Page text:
The new Microsoft Surface Laptop Studio 2 takes the lead as Microsoft’s most-powerful member of its long-running Surface line of PCs. It also earns some extra credit for having a complex mashup of a name, drawing from both the excellent Surface Laptop line of high-end clamshells and the Surface Studio line of all-in-one desktop PCs.
Meet Microsoft’s New Surface Laptops
That’s because this system, like its predecessor, feels a little like a clamshell laptop and a little like an all-in-one desktop, thanks to its unusual (if not unique) horizontal hinged display. It also folds down to a full tablet mode, like the Surface Pro line. And it has the discrete graphics options once found in the now-discontinued Surface Book line, making this truly a mix of just about every Surface product that’s come before.
Read more: Microsoft’s Surface Laptop Studio 2 in Pictures
I’ve only had the Surface Laptop Studio 2 for a couple of days, so consider this a preliminary hands-on. In those couple of days, however, I’ve used the system for office and productivity work, Photoshop editing, video watching and even gaming, all to good effect.
Price and configurations
Of course, I would expect that, considering I’m using the very high-end configuration of the system Microsoft sent us to test. The Surface Laptop Studio 2 starts at a reasonable $1,999, with a 13th-gen Intel Core i7, 16GB of RAM, a 512GB SSD and Intel Iris Xe graphics.
The configuration tested here is a whopping $3,299, with the same CPU, but also 64GB of RAM, a 1TB SSD, and an Nvidia RTX 4060 GPU. Several in-between configs are available, and you can go all the way up to $3,699 for a similar model with a 2TB SSD.
Meet Microsoft’s New Surface Laptops
Design and hybrid options
All the Surface Laptop Studio systems work the same way, however. The screen is hinged horizontally at the halfway point, allowing you to pull the display forward over the keyboard, so it rests just in front of the haptic touchpad. This turns the system into a 14.4-inch kiosk-style display (with a 2,400×1,600 resolution), which is great for media consumption and gaming with a gamepad.
Pull the screen further down and it covers the keyboard completely, folding into a chunky tablet. In tablet mode, it doesn’t lie entirely flat, like a Surface Pro or Lenovo Yoga would, instead it’s slightly higher at the back end, similar to the original Surface Laptop Studio from a couple of years ago. At 4.37 pounds, it’s a hefty tablet to carry around, especially if you’re going to hold it in one hand and use Microsoft’s Slim Pen 2 stylus to draw or take notes with the other.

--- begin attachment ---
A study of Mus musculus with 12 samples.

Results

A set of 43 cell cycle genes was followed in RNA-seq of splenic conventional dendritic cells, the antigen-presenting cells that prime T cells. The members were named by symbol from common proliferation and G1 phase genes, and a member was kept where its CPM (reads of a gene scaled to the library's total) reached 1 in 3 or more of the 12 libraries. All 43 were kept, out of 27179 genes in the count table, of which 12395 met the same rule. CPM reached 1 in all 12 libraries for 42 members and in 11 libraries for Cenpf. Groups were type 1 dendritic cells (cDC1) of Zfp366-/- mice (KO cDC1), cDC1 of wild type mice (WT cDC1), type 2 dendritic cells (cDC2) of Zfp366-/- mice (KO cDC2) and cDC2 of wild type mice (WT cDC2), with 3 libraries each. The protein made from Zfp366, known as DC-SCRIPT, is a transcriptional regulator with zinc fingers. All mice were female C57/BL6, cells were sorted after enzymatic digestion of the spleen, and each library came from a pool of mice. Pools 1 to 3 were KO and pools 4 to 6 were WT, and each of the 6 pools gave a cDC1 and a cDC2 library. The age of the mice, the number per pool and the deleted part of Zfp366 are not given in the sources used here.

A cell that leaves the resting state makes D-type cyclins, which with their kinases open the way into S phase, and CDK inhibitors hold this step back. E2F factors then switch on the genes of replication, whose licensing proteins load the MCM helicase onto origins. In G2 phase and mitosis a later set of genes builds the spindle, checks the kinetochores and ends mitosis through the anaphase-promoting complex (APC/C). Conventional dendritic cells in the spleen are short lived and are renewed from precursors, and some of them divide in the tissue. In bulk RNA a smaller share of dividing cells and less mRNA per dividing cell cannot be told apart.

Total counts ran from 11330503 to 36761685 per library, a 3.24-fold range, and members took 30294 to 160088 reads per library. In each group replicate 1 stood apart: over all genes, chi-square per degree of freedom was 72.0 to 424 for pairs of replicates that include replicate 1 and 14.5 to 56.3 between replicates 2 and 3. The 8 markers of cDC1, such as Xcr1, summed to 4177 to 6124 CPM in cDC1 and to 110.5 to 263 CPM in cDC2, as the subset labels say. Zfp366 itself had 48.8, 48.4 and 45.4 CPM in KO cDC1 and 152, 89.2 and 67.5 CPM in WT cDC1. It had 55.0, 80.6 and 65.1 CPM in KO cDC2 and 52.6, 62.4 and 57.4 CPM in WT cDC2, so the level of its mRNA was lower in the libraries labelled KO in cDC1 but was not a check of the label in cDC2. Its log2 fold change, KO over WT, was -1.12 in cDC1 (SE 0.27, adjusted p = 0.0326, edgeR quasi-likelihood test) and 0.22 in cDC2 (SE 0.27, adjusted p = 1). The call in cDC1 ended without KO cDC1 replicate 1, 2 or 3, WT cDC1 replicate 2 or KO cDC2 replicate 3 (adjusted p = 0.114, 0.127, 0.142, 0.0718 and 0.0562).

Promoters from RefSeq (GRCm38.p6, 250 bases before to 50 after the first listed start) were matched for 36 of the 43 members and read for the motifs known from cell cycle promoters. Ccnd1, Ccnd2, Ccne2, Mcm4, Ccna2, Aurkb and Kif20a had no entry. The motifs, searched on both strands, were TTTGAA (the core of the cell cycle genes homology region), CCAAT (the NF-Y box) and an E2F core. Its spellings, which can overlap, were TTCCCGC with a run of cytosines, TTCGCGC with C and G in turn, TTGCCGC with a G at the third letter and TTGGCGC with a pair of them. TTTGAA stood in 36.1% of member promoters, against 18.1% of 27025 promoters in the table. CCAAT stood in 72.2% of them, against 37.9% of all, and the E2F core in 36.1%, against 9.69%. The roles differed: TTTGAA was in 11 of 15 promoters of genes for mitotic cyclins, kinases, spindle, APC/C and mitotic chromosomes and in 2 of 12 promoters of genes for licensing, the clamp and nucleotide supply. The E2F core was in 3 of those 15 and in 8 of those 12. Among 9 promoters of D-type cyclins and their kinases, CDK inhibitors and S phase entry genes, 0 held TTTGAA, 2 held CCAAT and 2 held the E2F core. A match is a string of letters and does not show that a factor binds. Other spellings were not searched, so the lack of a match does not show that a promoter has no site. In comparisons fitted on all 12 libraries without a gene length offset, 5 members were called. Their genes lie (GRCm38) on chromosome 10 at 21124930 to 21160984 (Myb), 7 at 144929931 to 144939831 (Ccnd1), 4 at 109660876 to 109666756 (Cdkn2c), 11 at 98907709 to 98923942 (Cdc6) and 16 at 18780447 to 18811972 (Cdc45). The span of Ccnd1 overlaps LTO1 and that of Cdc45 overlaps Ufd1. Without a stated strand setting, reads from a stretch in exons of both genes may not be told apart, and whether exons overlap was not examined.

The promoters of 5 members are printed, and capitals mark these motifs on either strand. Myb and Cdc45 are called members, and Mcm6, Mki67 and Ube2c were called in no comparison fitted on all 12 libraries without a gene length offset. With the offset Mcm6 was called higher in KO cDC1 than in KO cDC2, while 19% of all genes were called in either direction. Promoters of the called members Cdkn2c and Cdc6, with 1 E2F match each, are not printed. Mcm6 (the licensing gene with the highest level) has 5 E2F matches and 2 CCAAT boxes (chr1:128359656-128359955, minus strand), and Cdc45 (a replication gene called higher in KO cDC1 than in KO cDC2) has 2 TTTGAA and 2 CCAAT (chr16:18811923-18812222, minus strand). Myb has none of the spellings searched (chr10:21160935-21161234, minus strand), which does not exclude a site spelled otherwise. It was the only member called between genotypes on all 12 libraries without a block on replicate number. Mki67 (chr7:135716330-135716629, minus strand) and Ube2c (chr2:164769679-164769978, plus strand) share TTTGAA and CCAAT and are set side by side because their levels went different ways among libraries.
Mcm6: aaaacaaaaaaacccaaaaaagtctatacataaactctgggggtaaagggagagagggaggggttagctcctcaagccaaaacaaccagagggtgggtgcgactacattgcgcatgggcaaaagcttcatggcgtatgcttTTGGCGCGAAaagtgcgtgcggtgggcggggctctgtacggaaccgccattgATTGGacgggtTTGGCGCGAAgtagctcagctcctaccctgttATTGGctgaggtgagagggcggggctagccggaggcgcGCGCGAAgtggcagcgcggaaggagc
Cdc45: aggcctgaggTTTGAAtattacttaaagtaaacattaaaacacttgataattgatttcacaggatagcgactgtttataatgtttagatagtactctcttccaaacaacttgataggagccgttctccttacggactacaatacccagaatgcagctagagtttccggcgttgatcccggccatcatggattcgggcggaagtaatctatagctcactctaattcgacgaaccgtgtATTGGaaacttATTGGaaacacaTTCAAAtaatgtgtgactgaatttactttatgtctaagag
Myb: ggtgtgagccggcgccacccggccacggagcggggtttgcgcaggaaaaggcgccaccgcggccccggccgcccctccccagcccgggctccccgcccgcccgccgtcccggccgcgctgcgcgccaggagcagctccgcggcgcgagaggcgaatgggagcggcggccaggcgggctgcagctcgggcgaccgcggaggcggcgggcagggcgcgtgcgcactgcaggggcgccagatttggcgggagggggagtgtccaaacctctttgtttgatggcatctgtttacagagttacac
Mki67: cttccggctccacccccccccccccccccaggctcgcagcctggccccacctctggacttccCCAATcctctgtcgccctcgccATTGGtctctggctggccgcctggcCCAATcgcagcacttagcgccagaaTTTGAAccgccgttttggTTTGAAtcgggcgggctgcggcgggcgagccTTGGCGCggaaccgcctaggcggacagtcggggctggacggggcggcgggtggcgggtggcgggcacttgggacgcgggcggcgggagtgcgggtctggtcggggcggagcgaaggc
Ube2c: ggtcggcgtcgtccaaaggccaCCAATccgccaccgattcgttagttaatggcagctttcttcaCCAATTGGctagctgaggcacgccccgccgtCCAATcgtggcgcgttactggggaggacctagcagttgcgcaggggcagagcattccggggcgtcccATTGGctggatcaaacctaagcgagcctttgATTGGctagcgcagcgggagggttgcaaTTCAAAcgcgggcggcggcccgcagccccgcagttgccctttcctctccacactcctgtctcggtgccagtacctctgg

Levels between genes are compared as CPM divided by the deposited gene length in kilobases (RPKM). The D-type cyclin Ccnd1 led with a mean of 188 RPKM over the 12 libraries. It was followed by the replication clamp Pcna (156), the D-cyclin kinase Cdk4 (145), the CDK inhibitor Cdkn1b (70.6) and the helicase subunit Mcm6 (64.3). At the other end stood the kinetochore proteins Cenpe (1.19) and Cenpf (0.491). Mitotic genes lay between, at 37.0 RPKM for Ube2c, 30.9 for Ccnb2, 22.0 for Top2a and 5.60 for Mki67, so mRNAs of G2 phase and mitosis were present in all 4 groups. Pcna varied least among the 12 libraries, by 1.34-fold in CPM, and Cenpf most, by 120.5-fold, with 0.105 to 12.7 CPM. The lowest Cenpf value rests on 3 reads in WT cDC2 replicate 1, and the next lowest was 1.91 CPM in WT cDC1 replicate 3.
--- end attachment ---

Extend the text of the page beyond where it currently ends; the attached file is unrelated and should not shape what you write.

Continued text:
One thing I appreciated about the design here is that unlike hybrid or 2-in-1 laptops that have 360-degree folding hinges, when this system is in tablet mode, the keyboard is entirely covered and out of sight. On something like a Lenovo Yoga, the inactive keyboard becomes the back surface of your tablet, which I find distracting, both tactilely and visually.
Even sitting on a desk in clamshell mode, this is a bulky system. It sits on top of a small riser, which is essentially fan vents and room for cooling, so the keyboard deck hovers slightly above your desk. The entire thing is almost 22mm thick when closed, which is more than a 16-inch MacBook Pro, which clocks in at just shy of 17mm thick.
Benchmarks and gaming
Below are some initial benchmarks of the system, showing that it is indeed a powerful system for both creativity and productivity. Plus, while the Nvidia 4060 isn’t the most powerful laptop GPU out there, it’s more than enough for current games, if you keep your expectations modest.
Naturally I had to pair Microsoft’s latest high-end PC with its latest high-end game, Starfield. By setting the graphics presets to medium and the game’s resolution to basic full HD, I was able to keep my frame rates in the mid-40s most of the time, and the results looked better and ran smoother than playing the game on an Xbox Series X, where it’s locked to 30fps.
In this case, I played the game by pulling the display over the keyboard and using an Xbox gamepad connected via Bluetooth, which made for a very immersive experience. One thing to note, if you’re not using the supplied Microsoft power connection, and instead using a random USB-C power adapter, you might drain power faster than it can be supplied when gaming. Using a modest 45W Lenovo USB-C charger I had lying around, I got about two hours of Starfield in before getting a low battery warning.
We’ll continue to test the Microsoft Surface Laptop Studio 2 and update this initial hands-on into a full review with buying recommendations in the near future. Features we’ll expand on include the improved haptic trackpad, the upgraded webcam, expanded ports and the inclusion of an NPU, or neural processing unit, which should help with onboard processing of some of the AI enhancements Microsoft says are coming soon to the Windows operating system.